Conservation work lauded

Conservation work lauded



Environmental award: Winner Josh Gilbert: “My family has been farming the same land for 40,000 years and Aboriginal people like myself have a real connection with the land”, Photo: supplied.



That policy of a powerful lobby group was changed in 2015 following a successful campaign led by Josh Gilbert, a young Worimi man from the Mid North Coast in his position as chair of the NSW Young Farmers Association.

“Farmers are on the frontline of climate change and our team at Young Farmers moved the policy position where members are proactive and lobbying governments for increased use of renewables,” Mr Gilbert said.

The vote changed the official position from being climate deniers to advocates for the fight against climate change, and it led to an invitation to Mr Gilbert from former USA vice-president Al Gore to take part in the world-wide Climate Reality Project, 24 Hours of Climate Reality, dedicated to continuing raising issues to preserve our natural environment.

We are drawing together green groups and agriculture to limit the effect of continued climate change. - Josh Gilbert

In recognition of those achievements, and his commitment to preserving his Indigenous heritage in respect to land management, Mr Gilbert has been noted as the Young Conservationist of the Year, by the Australian Geographic Society.

“I have always had a passionate interest in the bush, and started campaigning for environmental awareness and the need to change two years ago”, Mr Gilbert said.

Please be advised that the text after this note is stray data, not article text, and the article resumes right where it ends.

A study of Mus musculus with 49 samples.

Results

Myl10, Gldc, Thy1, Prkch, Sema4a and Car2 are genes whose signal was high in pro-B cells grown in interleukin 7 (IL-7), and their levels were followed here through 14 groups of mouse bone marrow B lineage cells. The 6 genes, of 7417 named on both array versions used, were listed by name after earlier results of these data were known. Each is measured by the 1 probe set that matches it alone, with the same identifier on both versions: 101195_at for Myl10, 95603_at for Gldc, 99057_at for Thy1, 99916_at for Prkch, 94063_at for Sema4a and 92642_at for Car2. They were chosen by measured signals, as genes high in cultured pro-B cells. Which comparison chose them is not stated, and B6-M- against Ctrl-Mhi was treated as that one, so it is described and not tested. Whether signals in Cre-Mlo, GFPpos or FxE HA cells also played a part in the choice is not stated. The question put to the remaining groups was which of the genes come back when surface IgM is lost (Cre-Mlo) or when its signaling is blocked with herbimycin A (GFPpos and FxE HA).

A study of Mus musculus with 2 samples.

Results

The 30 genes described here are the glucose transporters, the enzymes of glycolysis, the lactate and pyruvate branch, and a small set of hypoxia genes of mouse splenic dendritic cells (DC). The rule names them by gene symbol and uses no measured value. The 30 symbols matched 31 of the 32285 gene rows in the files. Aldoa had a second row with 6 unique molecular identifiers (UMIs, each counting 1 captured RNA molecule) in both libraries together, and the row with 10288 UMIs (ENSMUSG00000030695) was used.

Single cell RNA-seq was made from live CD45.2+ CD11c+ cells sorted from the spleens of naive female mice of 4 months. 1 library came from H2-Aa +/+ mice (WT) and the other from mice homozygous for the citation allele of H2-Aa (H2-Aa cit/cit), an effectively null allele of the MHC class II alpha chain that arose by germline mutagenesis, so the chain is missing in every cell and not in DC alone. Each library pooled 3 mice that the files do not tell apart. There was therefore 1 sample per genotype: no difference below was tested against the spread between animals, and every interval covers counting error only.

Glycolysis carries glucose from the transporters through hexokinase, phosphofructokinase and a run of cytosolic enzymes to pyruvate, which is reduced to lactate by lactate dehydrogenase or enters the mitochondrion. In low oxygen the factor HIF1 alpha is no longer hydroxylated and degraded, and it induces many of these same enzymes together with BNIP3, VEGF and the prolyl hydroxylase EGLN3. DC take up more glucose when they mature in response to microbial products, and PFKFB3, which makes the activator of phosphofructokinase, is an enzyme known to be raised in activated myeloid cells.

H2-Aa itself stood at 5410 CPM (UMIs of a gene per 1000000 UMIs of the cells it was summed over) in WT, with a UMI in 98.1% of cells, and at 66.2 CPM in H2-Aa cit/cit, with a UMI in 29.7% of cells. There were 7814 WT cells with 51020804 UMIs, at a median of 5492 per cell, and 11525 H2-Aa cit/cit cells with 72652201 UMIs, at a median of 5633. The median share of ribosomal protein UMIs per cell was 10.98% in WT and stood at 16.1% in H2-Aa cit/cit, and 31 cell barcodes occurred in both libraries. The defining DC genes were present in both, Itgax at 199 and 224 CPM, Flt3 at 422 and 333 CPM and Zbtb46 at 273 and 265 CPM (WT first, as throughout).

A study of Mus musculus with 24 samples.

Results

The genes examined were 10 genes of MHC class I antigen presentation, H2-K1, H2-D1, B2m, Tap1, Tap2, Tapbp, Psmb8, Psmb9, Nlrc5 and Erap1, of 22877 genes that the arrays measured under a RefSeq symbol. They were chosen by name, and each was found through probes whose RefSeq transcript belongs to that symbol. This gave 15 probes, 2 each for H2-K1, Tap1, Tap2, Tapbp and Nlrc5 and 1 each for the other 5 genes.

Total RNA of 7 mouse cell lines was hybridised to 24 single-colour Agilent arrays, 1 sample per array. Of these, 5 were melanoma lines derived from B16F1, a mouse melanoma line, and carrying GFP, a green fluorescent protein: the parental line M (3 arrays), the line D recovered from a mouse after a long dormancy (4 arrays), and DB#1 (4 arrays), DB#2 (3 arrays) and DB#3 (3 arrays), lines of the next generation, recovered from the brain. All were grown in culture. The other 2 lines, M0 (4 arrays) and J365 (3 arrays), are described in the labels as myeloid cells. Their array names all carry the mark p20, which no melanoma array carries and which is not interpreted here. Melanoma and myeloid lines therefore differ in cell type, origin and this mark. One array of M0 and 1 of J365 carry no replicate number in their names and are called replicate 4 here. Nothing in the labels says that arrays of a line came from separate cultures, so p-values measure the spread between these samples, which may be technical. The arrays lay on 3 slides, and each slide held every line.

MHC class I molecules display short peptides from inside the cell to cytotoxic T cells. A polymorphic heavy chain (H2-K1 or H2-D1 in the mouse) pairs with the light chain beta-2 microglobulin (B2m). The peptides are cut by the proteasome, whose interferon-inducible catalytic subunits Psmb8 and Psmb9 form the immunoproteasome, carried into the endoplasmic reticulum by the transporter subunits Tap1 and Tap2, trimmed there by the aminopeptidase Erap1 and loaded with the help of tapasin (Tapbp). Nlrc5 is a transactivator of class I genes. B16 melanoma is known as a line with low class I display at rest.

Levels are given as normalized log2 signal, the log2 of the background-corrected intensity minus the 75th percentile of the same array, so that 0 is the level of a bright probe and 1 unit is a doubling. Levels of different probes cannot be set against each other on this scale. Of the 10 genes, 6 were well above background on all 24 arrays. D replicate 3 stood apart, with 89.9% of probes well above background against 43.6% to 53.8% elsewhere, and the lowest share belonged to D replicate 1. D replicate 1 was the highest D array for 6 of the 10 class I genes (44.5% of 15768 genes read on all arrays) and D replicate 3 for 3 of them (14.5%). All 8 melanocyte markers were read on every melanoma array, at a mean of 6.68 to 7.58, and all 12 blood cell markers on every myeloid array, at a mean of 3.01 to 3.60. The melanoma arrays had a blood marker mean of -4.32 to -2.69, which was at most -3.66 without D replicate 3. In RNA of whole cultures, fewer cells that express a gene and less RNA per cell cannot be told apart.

“It has been very effective, as in the past two years we have created some of the first agricultural-based climate change policy in the world.

“We are drawing together green groups and agriculture to limit the effect of continued climate change.” 

In his current capacity as senior consultant with PwC Indigenous Consulting, Mr Gilbert is working in three main areas – the environment, agriculture and Indigenous affairs.

“Most of my work revolves bringing all three together to create a purposeful change in those critical areas,” he said.

“It is rewarding and I get to meet some incredible people.”

Indigenous wisdom for future on the land

Proud of his heritage, Joshua Gilbert is working towards lifting awareness of the Indigenous people’s connection with their environment, and how contemporary society might benefit.

Everyday, he is able to see the benefits of creating an aesthetically pleasing as well as sustainable environment for agricultural production. 

Besides his position as a consultant with PwC, Mr Gilbert  farms 16ha in partnership with his family on which they breed 25 stud Braford cows, near Nabiac in the traditional Worimi country bounded by the European towns of Gloucester, Forster and south to Newcastle.

Mr Gilbert said his fulfilling passion is for sustainable agriculture to fit in with the natural environment, rather than competing against it. 

“This means listening to the land, truly connecting with it and working with the natural cultural and environmental aspects to farm sustainably so that future generations can farm the same land today,” he said..

“My family has been farming the same land for 40,000 years and Aboriginal people like myself have a real connection with the land. .

“It is a really good personal connection and I really love getting up there when I can to feel the spirit and share and learn Indigenous knowledge. 

“It is vital that we learn, share and understand the wisdom from farming this land for so long before us.”

For Mr Gilbert it was very important for him and his family to understand generations will continue farming this country for 40,000 years into the future.

“We can make informed decisions now to take advantage of the accumulated Indigenous knowledge so we will continue to be a viable society into the future”, he said.